Taxpayers often say that government programs should be more frugal and productive. Meanwhile, business owners often complain that government should utilize incentives instead of regulations.

In the Nov. 7 general election, voters have a chance to match their investments with their opinions by supporting a second round of bonding to purchase and preserve natural areas and valuable habitat within the Portland metropolitan region.

Measure 26-80, which has been placed on the ballot by Metro, isn't free. But at an estimated cost of 19 cents per $1,000 assessed valuation, the proposal is frugal, productive and incentive-driven.

The $227.4-million bond measure would do four important things.

First, it seeks to purchase 27 areas around the region that are considered environmentally significant wildlife, trail and natural areas, including several stream corridors and urban stream headwaters deemed important for protecting water quality and fish habitats.

Second, the measure would provide $44 million in funds to local cities and counties for community-based natural-area acquisitions and preservation, and for neighborhood parks and capital improvement projects.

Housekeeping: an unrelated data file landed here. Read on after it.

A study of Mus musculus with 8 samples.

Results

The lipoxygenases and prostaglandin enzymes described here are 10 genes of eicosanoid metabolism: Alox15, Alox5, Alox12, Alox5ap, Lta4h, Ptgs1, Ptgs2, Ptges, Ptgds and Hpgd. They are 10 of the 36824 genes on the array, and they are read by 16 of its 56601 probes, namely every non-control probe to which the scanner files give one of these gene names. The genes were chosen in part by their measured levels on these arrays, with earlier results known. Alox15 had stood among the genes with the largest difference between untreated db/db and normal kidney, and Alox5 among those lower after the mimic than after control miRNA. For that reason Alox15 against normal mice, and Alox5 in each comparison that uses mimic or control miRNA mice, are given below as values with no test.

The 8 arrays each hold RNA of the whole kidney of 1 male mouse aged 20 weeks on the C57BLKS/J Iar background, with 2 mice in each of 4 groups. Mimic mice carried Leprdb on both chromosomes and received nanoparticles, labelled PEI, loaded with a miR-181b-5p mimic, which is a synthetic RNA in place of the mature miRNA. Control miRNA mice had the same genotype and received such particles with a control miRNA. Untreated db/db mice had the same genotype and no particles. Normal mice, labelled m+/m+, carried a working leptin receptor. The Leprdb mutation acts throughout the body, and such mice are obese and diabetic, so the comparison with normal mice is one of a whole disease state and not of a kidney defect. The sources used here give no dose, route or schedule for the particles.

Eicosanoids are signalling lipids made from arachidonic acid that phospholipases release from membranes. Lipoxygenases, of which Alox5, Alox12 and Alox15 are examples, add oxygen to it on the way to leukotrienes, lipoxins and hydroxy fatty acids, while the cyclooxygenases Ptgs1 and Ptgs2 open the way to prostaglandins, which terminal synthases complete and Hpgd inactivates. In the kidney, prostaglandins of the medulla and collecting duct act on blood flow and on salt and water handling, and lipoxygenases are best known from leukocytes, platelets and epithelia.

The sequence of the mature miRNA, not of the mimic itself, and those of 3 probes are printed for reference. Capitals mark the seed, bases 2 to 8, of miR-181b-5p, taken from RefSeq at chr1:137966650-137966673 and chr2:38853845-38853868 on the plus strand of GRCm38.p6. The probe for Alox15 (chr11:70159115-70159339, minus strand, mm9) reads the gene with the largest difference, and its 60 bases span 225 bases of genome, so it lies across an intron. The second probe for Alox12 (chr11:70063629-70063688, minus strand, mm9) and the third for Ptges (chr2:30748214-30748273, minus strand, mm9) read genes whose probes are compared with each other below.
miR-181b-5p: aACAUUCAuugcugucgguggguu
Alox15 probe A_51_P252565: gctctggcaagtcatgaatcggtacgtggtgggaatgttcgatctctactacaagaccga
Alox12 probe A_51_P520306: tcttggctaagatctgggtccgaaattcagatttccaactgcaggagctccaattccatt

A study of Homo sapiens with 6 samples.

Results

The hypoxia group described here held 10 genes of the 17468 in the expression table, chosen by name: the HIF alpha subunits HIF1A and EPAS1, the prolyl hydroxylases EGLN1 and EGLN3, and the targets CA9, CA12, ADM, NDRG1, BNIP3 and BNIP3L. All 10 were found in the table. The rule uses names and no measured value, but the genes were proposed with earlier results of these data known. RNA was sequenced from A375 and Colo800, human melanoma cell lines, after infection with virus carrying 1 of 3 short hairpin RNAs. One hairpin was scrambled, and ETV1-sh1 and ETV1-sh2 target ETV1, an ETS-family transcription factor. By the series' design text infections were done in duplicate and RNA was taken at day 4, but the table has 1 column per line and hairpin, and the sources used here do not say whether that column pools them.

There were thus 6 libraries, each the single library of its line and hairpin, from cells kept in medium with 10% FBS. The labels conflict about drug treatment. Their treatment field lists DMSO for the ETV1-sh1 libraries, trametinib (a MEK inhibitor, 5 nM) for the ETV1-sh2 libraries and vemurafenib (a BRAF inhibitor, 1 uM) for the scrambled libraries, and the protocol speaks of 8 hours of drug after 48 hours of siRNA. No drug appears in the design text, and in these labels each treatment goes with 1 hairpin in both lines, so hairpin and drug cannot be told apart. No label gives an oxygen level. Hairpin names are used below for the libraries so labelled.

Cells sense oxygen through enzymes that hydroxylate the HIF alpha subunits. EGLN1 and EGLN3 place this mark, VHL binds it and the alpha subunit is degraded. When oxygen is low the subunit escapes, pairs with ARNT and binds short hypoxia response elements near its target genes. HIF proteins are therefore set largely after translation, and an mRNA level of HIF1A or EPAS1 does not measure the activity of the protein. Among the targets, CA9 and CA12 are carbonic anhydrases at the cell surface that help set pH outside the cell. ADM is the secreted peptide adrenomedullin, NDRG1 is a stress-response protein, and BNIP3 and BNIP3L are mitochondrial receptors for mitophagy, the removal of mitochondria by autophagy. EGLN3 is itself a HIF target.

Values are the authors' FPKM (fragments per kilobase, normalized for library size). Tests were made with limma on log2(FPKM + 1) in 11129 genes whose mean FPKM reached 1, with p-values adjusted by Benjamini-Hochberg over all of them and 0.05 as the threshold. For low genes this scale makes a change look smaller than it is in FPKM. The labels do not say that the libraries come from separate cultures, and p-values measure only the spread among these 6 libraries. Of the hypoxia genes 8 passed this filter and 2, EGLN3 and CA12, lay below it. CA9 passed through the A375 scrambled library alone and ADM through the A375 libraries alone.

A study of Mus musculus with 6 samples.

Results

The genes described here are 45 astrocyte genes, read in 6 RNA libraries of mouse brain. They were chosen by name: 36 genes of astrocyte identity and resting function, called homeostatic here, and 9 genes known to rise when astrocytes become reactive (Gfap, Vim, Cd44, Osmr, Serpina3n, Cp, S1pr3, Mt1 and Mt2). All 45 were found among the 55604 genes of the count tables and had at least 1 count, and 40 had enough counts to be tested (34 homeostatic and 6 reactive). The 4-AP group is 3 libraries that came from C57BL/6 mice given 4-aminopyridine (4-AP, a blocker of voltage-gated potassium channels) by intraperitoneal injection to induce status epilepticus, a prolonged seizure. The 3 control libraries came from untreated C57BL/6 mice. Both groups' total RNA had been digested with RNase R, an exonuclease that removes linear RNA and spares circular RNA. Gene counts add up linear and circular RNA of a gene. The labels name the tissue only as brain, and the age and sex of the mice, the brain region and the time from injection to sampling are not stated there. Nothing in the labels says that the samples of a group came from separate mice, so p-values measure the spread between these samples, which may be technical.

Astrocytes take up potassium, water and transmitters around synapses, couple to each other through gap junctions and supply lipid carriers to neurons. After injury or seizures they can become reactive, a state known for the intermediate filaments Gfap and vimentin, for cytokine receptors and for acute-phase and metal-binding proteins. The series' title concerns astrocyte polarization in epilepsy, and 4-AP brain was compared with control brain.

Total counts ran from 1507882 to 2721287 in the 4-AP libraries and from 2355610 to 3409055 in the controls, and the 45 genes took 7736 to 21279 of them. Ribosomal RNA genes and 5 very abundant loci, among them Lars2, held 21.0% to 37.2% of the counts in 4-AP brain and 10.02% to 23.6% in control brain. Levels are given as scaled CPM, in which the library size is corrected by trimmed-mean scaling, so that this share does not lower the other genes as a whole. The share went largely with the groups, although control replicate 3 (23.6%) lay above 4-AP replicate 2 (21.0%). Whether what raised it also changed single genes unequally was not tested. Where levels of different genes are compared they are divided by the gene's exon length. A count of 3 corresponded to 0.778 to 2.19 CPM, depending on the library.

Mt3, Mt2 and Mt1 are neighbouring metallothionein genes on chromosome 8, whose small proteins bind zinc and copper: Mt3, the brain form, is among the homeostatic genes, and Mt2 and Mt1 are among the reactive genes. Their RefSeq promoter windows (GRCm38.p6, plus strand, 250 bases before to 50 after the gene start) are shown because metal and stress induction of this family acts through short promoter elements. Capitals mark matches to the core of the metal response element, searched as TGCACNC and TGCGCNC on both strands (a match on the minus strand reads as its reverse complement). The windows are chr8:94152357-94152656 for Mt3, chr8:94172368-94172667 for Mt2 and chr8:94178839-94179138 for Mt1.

Third, the measure would provide grant funding for schools, for nonprofit groups such as neighborhood associations and for park districts to improve the local environment.

Finally, the measure provides ongoing citizen oversight and an annual independent review of the program.

Passage of this measure would continue a legacy of regional environmental stewardship and success that began with voter approval of Metro's first natural-resource acquisition bond in the mid-1990s. That measure sought to purchase and protect 6,000 acres of land throughout the region, but actually ended up acquiring 8,100 acres of land and 74 miles of streams from willing sellers.

Voters ought to find Measure 26-80 well worth a yes vote in the Nov. 7 general election.